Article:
The Heart of the Hellgate 100K
Amy Albu at mile 42 of the 2012 Hellgate 100K, on a long stretch overlooking the James River, climbing towards the Blue Ridge Parkway.
Photo by Blanks Blankinship
“The list of the top times at Hellgate is actually a Who’s Who of Ultrarunning,” says Sophie Spiedel, seven-time veteran and third-place finisher in the 2012 race. “The Hellgate field [always] has a good number of veterans, and we consider ourselves part of the Hellgate family with David Horton [race director] as our leader.”
This year, the hours leading up to the race start had a “somber feel” says Spediel, a result of David Horton’s impending seven-bypass, open-heart surgery. Evidencing Horton’s dedication, eventual third-place finisher, Troy Shellhammer wrote in an email, “Difficult though the race was, a bit of perspective was provided by [Horton’s] impending heart surgery. It’s a testament to how special this race is to him—and how important he is to the race—that he scheduled major surgery for the Monday after the race.”
Speidel continues, “On the day of the surgery, many, many runners of Hellgate and other David Horton events posted photos on Facebook of themselves at Horton race finish lines—he has so many supporters.”
Says accomplished area runner Eric Grossman, describing a moment of silence as the runners toed the line that Friday night, “The normal commotion of the start line gave way to complete quiet. While running ultras may be something people do for recreation, it would be hard to overstate the impact that Horton has had on peoples’ lives.”
Horton’s signature Hellgate 100K, held in the Blue Ridge Mountains near Natural Bridge, Virginia, is unlike most races. Its distance, GPS measured at greater than 66 miles, “delivers the same (if not more) epic feel of running a 100-miler, and is just as tough,” says Spiedel.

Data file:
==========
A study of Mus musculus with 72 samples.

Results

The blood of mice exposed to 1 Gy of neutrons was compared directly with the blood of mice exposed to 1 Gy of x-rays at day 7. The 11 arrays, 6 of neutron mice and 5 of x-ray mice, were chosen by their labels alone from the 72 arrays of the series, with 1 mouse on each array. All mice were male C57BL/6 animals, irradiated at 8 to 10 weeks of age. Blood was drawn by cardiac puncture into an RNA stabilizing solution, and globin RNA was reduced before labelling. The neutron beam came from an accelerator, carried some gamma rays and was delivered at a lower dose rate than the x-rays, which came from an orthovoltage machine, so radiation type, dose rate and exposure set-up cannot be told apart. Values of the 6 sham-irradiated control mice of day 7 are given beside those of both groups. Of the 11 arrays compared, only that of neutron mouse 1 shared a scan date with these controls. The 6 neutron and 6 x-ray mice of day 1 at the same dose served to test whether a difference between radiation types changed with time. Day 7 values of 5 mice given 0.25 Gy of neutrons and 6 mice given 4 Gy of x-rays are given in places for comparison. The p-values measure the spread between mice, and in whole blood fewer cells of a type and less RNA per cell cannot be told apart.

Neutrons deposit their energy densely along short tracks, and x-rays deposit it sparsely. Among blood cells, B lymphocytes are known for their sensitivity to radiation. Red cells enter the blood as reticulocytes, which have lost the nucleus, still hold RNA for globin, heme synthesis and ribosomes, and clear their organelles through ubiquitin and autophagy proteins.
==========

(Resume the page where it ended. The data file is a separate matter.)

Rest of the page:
Horton, whose resume boasts over 70,000 cumulative miles, 110 ultra starts, 38 wins, an Appalachian Trail speed record and the third-fastest transcontinental crossing of the United States, is also race director of a number of other well-known and deservedly feared races, including Mountain Masochist 50-Mile Trail Race and the Holiday Lake 50K.
“Hellgate is classic Horton,” says Grossman, “There is no other event like Hellgate. Horton created it to inspire humility.”
Its unique challenges include the December race date and the midnight start time, the latter of which was implemented, Horton has said, to insure that all runners, no matter their speed, will spend the same amount of time in the dark. Due to unpredictable late-season weather conditions, the nature of the course varies greatly from year to year.
Adds Grossman continued, “Hellgate is perhaps most representative of what an ultra means to “Horton”: huge withering climbs, brilliant wide-open vistas, plenty of brutal technical terrain but also miles of free running.”
Another unique aspect of Hellgate, however, is what Grossman calls its “intimacy.” Hellgate is semi-invitational; Horton hand picks the field based on runner applications and experience. “Entries are capped to keep the numbers low—140 runners this year. Horton knows you. And he wants you to face your demons, even if it takes ‘Forever’ to do it,” says Grossman, referencing a notoriously challenging section of the race known as the Forever Trail. The race includes a pre-race family style meal, lodging at a comfortable bunkhouse and a great post-race party, including bonfires, bowls of chili and birthday cakes with friends old or new.
In 2012, the race’s 10th year, temperatures soared. Start temps hovered around 45 degrees and by midday Saturday, had risen to a humid 70 degrees. “Perfect for Californians but not-so-perfect for the East Coasters who have no acclimation!” says Spiedel.
After a bit of leap-frogging with Shellhammer (11:07:29), one of only five runners who have competed in the race all its 10 years, Grossman finished second (10:57:54) behind Canadian Alister Gardner (10:52:48).
Kristin Eddy, a 42-year-old Virginia native, claimed the women’s victory with a fast time of 12:49:51. Jacqueline Palmer, 24, who had come from Delaware for the event, finished second in 13:53:48, while Speidel, 49 and also from Virginia, came in third, clocking 14:33:50.
Updating Horton’s Facebook page, his wife, Nancy, wrote, “I cannot begin to express our gratitude for the many prayers and so many comments & emails! It’s very humbling to see the photos and hear the stories. You have truly been a blessing! David is doing well. The doctors are amazed at how quickly he has come along.”